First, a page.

We (myself and my team members Eric Tan and Sanjay Sharma) were expecting the usual trip to Nepal to meet with our Ncell colleagues in May but never could we have imagined that an earthquake of such magnitude would happen just before the trip. However, we discussed among ourselves and decided individually to still proceed to show support to our fellow colleagues at Ncell, bringing along some much needed tarpaulin with our extra luggage allowance. It was one of the best decision we have ever made and one that will stay with us for a long time to come. I will be lying if I say that we were not concerned for our own safety (aftershocks are still regular) ; we were constantly on guard. Collapsed homes and monuments can be seen along the streets as they were not always built structurally strong.
After the few earthquakes (3 strong ones and numerous smaller aftershocks), Kathmandu has become a tent city as people are afraid to go home, fearing their houses will collapse upon the next aftershock. Even the Ncell office building is not spared. Two of the buildings were declared structurally unsafe as there were plenty of cracks in the building and will have to be demolished. Instead many of the Ncell employees are now working out of a tent. Fortunately we were told that all the employees and their family members are safe.
The thing that struck us most was the response of the company from this disaster. Upon hearing about the disaster, TeliaSonera rapidly sent tents, water, water purification tablets, etc on its private jet. They even flew in some network experts and a company doctor (a mobile clinic was setup within the compound). We were really impressed by the crisis management effort. If we think that our usual network outages are bad, what Ncell experienced were many times worst. Somehow they still managed to restore much of their network (except some remote areas) with the limited resources. We also heard stories of TSIC’s ex-CEO, Erik Hallberg (now head of Eurasia) flying there himself with suppliers and brought along some big fresh fishes from Europe (upon the special request of Ncell employees) to have dinner together. This must have brought warmth and encouragement to many of them in such difficult times.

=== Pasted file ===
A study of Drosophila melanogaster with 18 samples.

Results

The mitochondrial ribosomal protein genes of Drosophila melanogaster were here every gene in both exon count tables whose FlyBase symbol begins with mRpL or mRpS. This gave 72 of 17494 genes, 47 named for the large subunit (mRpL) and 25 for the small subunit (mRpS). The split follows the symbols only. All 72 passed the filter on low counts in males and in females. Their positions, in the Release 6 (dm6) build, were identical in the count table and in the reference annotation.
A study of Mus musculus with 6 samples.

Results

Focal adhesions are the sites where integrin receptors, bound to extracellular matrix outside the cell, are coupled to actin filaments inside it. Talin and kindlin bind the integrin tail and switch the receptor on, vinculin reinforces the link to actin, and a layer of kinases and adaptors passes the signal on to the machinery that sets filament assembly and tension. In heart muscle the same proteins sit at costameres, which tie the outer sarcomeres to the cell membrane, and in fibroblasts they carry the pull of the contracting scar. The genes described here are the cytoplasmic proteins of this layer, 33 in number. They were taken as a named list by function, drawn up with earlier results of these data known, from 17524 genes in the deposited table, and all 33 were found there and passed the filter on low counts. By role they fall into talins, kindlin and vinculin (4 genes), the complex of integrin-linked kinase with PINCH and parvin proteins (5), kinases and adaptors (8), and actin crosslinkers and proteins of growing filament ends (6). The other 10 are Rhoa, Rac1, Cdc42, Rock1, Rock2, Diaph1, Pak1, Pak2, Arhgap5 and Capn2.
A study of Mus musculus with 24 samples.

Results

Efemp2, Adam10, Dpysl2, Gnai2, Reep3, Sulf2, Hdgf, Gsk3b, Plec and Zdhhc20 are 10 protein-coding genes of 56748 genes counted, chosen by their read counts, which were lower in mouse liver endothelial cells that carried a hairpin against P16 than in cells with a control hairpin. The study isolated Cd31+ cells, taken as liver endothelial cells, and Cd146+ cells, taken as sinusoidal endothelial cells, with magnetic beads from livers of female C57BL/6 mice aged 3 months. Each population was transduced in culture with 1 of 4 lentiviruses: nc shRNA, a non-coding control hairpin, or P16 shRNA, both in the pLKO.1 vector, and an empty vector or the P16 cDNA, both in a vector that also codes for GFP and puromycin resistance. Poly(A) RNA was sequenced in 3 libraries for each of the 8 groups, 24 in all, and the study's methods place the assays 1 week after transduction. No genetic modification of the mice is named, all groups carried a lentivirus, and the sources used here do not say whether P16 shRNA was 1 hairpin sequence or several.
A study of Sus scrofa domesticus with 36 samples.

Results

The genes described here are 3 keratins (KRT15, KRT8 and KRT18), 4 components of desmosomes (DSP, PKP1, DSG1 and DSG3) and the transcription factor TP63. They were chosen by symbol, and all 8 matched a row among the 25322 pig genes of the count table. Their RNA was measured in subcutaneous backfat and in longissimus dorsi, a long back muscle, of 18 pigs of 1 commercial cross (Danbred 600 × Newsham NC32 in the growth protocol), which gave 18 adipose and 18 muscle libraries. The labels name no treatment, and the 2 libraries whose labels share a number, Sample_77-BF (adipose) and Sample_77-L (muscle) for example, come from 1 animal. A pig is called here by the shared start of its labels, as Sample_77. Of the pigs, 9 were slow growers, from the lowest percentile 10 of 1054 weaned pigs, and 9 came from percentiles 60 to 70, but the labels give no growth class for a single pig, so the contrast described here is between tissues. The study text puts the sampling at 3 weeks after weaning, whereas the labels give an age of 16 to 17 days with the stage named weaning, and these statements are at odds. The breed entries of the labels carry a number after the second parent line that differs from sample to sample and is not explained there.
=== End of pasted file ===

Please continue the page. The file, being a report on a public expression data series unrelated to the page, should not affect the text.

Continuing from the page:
For the first time in my career, I am seeing the humanity side of my industry in action and it touches me. We often hear that business is about people but this is probably the first time this message feels real and personal. This make me even more proud to be part of such an organization that practice what it preach.
The rebuilding of the country will no doubt take a lot of time, effort and money. However, the Nepalese are resilient people, known for their bravery and stamina so I am sure they will bounce back. They have shown courage in the face of adversity and there are numerous stories of them risking their own lives to save others. Perhaps the least we can do individually is to offer a little help to get them back on their feet.
This is Anywhereization
Always-on connectivity is eliminating the gap between here and there. We call this trend Anywhereization. And it’s changing the way we do everything
Anywhereization is not just a technological phenomenon. We are witnessing the demise of distance. Our shopping habits, entertainment and even relationships have become truly global. With increasing reliance on the cloud, and in a world where @ and # are hard currency, ubiquitous connectivity is no longer a luxury – even at the basecamp on Mount Everest.